A Pennsylvania appellate court rejected the federal healthcare work-product privilege for a hospital’s peer-review reports, including an event report and root cause analysis. Stating that “courts disfavor evidentiary privileges,” the court ordered production of these reports despite a lengthy affidavit from the hospital’s Director of Patient Services detailing the hospital’s relationship with a Patient Safety Organization and the origin and development of these reports. Ungurian v. Beyzman, 232 A.3d 786 (Pa. Super. Ct. 2020). You may read the opinion here.
Something allegedly went wrong during a cystoscopy procedure at Wilkes-Barre General Hospital on March 5, 2018. Following the procedure, a CRNA completed an event report relating to “Surgery, Treatment, Test, Invasive Procedure” in accordance with the hospital’s Event Reporting Policy. About six weeks later, the hospital’s Root Cause Analysis Committee prepared a (you guessed it) Root Cause Analysis Report about the March 5, 2018 procedure and event.
In the subsequent medical-malpractice action, the plaintiff moved to compel the Event Report and Root Cause Analysis Report. The hospital objected, in part, on grounds that the work-product privilege found in the federal Patient Safety Quality Improvement Act protected these reports from discovery.
The PSQIA, codified at 42 U.S.C. §§ 299b–21 to 299b–26, includes a work-product privilege at § 299b–22. This privilege, with limited exceptions, protects from disclosure in federal, state, or local civil, criminal, or administrative proceedings certain “patient safety work product.” The patient safety work product consists of “data, reports, records, memoranda, analyses (such as root cause analyses), or written or oral statements.” But the privilege only protects this patient safety work product if it—
Is assembled or developed by a healthcare provider for reporting to a patient safety organization (PSO) and is reported to a PSO; or is developed by a PSO for the conduct of patient safety activities; and which could improve healthcare quality; or
Identifies or constitutes the deliberations or analysis of, or identify the fact of reporting pursuant to a patient safety evaluation system.
But just as the attorney-client privilege does not protect underlying facts, the PSQIA privilege does not protect underlying medical records and billing and discharge information.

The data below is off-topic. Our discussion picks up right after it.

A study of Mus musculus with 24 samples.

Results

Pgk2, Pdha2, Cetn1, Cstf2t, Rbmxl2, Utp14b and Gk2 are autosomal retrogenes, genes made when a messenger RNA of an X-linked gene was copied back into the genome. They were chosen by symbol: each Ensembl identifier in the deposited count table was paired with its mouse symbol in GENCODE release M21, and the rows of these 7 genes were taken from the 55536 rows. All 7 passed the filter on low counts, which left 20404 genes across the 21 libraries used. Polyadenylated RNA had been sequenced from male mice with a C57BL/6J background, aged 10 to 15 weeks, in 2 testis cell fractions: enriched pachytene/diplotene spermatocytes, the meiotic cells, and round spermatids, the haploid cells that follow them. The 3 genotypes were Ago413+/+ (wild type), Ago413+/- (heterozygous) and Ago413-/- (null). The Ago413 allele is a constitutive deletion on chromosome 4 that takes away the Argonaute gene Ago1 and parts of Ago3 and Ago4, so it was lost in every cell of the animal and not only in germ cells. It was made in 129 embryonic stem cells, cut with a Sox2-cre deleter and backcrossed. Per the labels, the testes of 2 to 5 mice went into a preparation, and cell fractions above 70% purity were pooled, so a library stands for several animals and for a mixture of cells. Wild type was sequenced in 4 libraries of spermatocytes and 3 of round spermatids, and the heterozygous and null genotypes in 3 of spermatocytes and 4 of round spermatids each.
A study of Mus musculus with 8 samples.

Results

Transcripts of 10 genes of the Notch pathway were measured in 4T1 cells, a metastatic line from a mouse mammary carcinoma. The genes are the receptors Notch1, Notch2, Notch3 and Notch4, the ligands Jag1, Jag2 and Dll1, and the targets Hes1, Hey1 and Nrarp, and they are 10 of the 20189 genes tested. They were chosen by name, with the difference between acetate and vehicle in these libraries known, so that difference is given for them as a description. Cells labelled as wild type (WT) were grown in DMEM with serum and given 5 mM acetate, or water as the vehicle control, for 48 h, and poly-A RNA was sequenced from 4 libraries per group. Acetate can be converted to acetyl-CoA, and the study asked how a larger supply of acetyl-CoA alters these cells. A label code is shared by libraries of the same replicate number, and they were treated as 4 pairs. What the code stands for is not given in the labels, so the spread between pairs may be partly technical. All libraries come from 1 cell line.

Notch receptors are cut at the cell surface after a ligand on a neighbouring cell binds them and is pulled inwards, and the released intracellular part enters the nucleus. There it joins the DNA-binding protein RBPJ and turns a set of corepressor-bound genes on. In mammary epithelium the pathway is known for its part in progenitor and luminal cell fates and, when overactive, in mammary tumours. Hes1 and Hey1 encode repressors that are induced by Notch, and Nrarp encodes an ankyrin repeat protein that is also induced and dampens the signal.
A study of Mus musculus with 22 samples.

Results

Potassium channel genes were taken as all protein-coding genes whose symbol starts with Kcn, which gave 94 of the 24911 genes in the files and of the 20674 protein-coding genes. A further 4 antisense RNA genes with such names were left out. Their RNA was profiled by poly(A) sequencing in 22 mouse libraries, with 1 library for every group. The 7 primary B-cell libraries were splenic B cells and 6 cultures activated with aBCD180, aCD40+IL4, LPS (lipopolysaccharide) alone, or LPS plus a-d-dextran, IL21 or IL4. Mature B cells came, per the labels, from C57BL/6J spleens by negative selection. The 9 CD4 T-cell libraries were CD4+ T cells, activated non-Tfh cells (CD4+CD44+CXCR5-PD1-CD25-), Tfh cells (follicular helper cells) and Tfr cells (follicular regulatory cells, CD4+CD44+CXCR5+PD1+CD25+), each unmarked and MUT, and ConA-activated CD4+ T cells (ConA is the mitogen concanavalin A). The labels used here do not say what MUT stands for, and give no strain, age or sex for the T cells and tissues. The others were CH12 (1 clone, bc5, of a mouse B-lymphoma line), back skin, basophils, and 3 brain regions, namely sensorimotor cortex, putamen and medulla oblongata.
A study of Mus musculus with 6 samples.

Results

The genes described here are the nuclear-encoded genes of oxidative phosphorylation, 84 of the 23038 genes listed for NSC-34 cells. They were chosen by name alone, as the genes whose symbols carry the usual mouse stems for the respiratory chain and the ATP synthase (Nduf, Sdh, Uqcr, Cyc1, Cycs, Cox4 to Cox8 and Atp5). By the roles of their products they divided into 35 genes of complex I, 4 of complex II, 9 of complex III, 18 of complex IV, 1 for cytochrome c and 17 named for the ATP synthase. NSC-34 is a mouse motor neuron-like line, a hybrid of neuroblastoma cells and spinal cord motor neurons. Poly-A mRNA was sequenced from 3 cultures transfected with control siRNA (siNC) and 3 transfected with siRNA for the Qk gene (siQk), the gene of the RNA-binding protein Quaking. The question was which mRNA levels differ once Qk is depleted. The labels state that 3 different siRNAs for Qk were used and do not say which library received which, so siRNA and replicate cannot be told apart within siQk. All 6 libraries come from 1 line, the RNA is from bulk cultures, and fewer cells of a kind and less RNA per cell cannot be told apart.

Event Report and Root Cause Analysis
To support its PSQIA privilege assertion and protect the Event Report and Root Cause Analysis from discovery, the Wilkes-Barre General Hospital submitted a lengthy affidavit from its Director of Patient Safety Services. She declared that the hospital has maintained a relationship with CHS PSO, LLC, a patent safety organization, since 2012.
The hospital maintains a patient safety evaluation system—an internal process for collecting, maintaining, and analyzing peer-review type of information that the hospital may report to a PSO. It created the Event Report within this evaluation system, but not the Root Cause Analysis Report.
The appellate court noticed something missing from the Patient Safety Director’s affidavit. The Court rejected the PSQIA privilege for the Event Report because there was no proof that the hospital actually submitted the report to its PSO. The Director of Patient Safety said that the hospital prepared the Event Report within its evaluation system for purposes of reporting to the PSO—which satisfied the privilege’s first element.
But she did not declare that the hospital submitted the Event Report to the PSO—which failed the privilege’s second element. The hospital stated in its appellate brief that it submitted the report to the PSO—but briefs and arguments are no substitute for evidentiary proof, the court said.
Root Cause Analysis Report
The Root Cause Analysis Report suffered a similar fate. The PSQIA privilege expressly applies to reports of an event’s “root cause analyses,” but only if a healthcare provider prepares the analysis for the purposes of reporting to, and actually reports to, a PSO. The Patient Safety Director testified that the hospital (1) prepared the analysis to evaluate the patient’s care and improve patient safety and the quality of care; (2) maintained the analysis within its event reporting system; and (3) submitted the analysis to its PSO.
So, doesn’t that fall within the privilege? The court said no because the Director did not specifically say that the Root Cause Analysis Committee prepared the analysis for purposes of reporting to the PSO—only that it maintained the report for reporting to the PSO. What’s the difference, you ask? The court did not elaborate.
And based on an email between the hospital’s Chief Quality Officer and a physician discussing the root cause analysis, the court found that the hospital failed to maintain the analysis within its patient safety evaluation system. Why did that matter? The court did not elaborate.
Will the Pennsylvania Supreme Court Elaborate?
Wilkes-Barre General Hospital filed a petition to appeal to the Pennsylvania Supreme Court on July 30, 2020. And the amici appear to be lining up to provide commentary. No surprise there. This will be interesting to follow.